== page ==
Posted by Gardener Marc | Posted in Basic Gardening Tips, Vegetable Gardening | Posted on 13-04-2012
Tomatoes a are great choice for your vegetable garden: They’re easy to grow from seed, you have a large variety of plant types to choose from and they’re simply delicious!
I’ll compile some useful tips and background info in the following article.
You should choose a warm, sunny spot for your tomatoes. For colder climates, greenhouses are best; you don’t necessarily need a fully closed greenhouse – an easy do-it-yourself structure might suffice (to protect the plants from heavy, cold rain), for example a cover of glass panels or a tent made of transparent sheeting (have a look at http://dandelionking.net/do-
You could start right now (in mid-spring) by sowing seeds in bio-degradable pots filled with compost – put them on a windowsill and water them regularly. The seeds should take about two weeks to germinate. Tomatoes grow quite fast, and they may need to be replanted (into seperate pots) after about six weeks. Be careful not to harm the plants while doing so. It’s handy to put them into growing bags – you can put the bags directly into your garden soil later. Remember to put a cane next to the plant for increased stability and to tie the plants to it.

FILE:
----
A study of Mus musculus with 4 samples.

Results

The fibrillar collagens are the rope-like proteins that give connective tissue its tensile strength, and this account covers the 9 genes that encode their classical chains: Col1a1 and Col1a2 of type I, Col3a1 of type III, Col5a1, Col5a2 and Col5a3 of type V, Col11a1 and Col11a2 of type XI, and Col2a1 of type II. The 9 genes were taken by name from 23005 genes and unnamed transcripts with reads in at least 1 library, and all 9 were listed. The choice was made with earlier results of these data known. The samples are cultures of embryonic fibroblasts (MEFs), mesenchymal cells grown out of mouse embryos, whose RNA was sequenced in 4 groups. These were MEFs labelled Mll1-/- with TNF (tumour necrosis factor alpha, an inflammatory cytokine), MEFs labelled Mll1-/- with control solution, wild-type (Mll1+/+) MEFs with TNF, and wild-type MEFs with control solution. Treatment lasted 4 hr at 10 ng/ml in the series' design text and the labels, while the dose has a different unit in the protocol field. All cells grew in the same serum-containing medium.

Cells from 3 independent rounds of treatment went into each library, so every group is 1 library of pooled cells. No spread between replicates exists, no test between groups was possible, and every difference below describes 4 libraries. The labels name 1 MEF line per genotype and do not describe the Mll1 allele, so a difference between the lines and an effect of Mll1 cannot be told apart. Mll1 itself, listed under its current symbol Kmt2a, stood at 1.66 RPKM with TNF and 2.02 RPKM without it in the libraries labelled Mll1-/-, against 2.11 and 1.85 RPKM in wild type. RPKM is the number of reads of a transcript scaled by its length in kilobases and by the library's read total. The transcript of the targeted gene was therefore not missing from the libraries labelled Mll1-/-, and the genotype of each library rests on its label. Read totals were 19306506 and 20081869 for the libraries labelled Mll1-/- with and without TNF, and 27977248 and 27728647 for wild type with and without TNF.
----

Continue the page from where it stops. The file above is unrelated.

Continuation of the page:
Try to keep the soil around the plants modestly wet and to avoid extreme moisture. A critical factor for good tomatoes is pruning: Tomatoes tend towards forming multiple stems, but single-stemmed plants are best as they will be larger and yield a lot of fruits (as the plants energy is thus directed towards growing fruits). If left unpruned, tomato plants would also fall to the side (forced by the weight of their fruits), and then form new (vertical) branches. This takes a lot of space, exposes the fruits to mildew and decreases the amount of sunlight each leave is able to absorb.
To prohibit the growth of bushy plants, cut of thick branches that start to form ramifications as early as possible. A nice side-effect of pruning is that the fruits are formed earlier and grow larger than if left natural form.The level of pruning depends on how much space you want to dedicate to a single plant – when tomatoes are planted tightly, they should be pruned more radically to increase the amount of sunlight per plant.